Donna Summer: A Musical Retrospective
RIP, Donna Summer. You will be missed.
Sad news: Yesterday, disco queen Donna Summer passed away in her home in Florida after a long battle with breast and lung cancer. She was 63 years old. As with Whitney Houston earlier this year, the loss of this music legend will be deeply felt; she was undeniably one of the most important recording artists of her time. Let’s let her music speak for itself. RIP, Donna. You will be missed.
1. “Love to Love You Baby”
Though Donna had a moderate success in Europe with 1974’s “The Hostage,” it was the 1975 tune “Love to Love You Baby” that got her on the map in the US. In addition to the radio edit, Donna also recorded a 17 minute version for clubs and discotheques. The song was extremely popular—but also somewhat controversial due to Donna’s moaning, groaning style. Guess what people compared it to?
2. “MacArthur Park”
“MacArthur Park” has a long history: It was written by Jimmy Webb and first recorded by Richard Harris in 1968 and has seen some 50 covers in its day. The most popular one was Donna Summer’s 1978 version. With this track, she achieved her first number 1 hit in the US.
3. “Last Dance”
With the ballad “Last Dance,” the awards started pouring in for Donna. Featured on the Thank God It’s Friday movie soundtrack, this 1978 tune won both the Academy Award and the Golden Globe for Best Original Song—and perhaps more importantly, it netted Donna her first Grammy. The award for Best Female R&B Vocal Performance went to her that year for this hit.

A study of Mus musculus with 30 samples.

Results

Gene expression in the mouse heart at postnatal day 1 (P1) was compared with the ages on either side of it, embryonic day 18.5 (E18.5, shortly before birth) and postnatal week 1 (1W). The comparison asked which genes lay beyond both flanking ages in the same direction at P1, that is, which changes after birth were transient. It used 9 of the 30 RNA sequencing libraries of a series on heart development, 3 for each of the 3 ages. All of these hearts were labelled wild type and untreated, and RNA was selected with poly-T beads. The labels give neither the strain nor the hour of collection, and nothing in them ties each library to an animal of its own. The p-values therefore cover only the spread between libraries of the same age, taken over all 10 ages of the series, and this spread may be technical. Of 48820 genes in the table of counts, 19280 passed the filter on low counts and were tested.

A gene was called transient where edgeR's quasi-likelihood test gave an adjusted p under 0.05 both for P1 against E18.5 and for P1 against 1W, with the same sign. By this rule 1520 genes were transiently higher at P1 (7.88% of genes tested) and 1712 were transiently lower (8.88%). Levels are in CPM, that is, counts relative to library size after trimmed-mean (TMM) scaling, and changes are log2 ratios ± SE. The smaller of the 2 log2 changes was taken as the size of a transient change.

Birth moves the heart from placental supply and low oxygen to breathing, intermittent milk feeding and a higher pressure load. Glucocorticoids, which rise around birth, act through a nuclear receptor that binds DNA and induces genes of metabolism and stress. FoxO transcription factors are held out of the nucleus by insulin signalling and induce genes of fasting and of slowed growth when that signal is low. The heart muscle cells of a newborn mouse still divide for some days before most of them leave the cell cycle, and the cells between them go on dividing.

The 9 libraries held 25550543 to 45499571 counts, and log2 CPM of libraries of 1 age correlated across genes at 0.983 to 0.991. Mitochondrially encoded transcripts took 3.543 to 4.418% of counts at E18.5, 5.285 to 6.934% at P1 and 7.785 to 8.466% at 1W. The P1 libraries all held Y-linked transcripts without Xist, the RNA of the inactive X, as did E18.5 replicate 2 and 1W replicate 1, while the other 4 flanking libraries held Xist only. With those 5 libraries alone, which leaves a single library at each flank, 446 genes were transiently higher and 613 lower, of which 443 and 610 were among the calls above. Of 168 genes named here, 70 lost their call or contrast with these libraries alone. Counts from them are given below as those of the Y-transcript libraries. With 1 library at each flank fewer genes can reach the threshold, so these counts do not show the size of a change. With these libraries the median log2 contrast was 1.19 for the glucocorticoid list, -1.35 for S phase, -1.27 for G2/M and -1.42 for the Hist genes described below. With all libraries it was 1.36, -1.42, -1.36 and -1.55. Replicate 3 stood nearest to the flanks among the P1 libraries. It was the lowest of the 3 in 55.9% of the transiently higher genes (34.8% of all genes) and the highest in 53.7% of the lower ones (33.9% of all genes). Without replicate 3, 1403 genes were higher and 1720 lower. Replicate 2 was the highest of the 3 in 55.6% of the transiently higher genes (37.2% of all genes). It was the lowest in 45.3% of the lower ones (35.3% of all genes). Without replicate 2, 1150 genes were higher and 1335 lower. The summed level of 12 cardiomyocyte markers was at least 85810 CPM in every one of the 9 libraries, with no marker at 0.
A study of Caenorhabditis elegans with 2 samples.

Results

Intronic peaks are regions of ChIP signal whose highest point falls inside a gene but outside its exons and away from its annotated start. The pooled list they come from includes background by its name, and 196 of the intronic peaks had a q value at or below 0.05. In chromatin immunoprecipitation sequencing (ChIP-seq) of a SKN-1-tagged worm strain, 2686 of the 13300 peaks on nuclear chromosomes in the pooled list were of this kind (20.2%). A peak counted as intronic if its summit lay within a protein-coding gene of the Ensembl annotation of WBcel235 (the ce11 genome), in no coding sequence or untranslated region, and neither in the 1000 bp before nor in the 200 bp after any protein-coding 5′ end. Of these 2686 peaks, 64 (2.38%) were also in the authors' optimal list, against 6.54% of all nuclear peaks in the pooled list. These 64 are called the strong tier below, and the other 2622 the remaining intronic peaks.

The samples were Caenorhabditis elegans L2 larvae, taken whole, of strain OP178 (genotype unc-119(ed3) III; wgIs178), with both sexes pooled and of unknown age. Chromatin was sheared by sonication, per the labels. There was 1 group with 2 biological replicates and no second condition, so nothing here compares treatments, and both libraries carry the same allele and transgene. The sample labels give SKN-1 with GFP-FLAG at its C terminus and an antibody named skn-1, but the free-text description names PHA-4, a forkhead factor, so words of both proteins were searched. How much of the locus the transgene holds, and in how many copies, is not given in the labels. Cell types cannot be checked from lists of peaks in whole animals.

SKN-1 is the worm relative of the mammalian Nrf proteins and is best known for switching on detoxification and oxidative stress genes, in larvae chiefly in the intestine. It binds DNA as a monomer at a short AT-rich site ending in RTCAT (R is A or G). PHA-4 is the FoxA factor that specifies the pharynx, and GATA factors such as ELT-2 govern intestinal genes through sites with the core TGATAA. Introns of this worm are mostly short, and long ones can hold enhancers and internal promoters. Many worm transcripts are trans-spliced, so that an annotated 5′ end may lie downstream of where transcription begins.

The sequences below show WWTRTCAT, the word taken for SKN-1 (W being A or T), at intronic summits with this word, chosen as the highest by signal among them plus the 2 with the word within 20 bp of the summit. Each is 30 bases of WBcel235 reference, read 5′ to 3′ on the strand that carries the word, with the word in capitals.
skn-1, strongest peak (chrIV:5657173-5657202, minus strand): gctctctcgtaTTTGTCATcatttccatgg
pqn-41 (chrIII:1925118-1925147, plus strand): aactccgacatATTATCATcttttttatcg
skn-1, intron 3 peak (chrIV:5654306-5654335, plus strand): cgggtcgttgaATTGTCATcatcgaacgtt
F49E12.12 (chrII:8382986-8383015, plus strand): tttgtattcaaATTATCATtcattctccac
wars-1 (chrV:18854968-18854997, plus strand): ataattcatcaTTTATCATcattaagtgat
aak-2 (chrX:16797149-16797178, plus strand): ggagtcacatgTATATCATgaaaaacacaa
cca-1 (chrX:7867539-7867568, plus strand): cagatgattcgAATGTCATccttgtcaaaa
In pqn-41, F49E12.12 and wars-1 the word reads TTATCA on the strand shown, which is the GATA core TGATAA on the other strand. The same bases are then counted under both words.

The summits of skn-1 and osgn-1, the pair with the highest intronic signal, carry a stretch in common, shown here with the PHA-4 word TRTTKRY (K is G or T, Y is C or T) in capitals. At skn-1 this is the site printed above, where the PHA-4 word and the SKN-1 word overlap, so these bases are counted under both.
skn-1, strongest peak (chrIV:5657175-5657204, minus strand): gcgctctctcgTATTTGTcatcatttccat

4. “No More Tears (Enough Is Enough)”
The tail end of the ‘70s were full of hits for Donna; after “MacArthur Park” hit number 1 on the charts hits like “Hot Stuff” and “Bad Girls” shortly followed. The Donna Summer/Barbara Streisand duet “No More Tears (Enough Is Enough)” marked Donna’s fourth number 1 hit in thirteen months. Not too shabby!
5. “The Wanderer”
The ‘80s were a little bit of a tougher decade for Donna than the booming ‘70s had been, but she still had a big hit with her 1980 album The Wanderer. Its title track revealed Donna’s disco sound giving way to something more rock-driven. Unlike many of her previous singles, “The Wanderer” had no extended version.
More of Donna’s unforgettable music up next.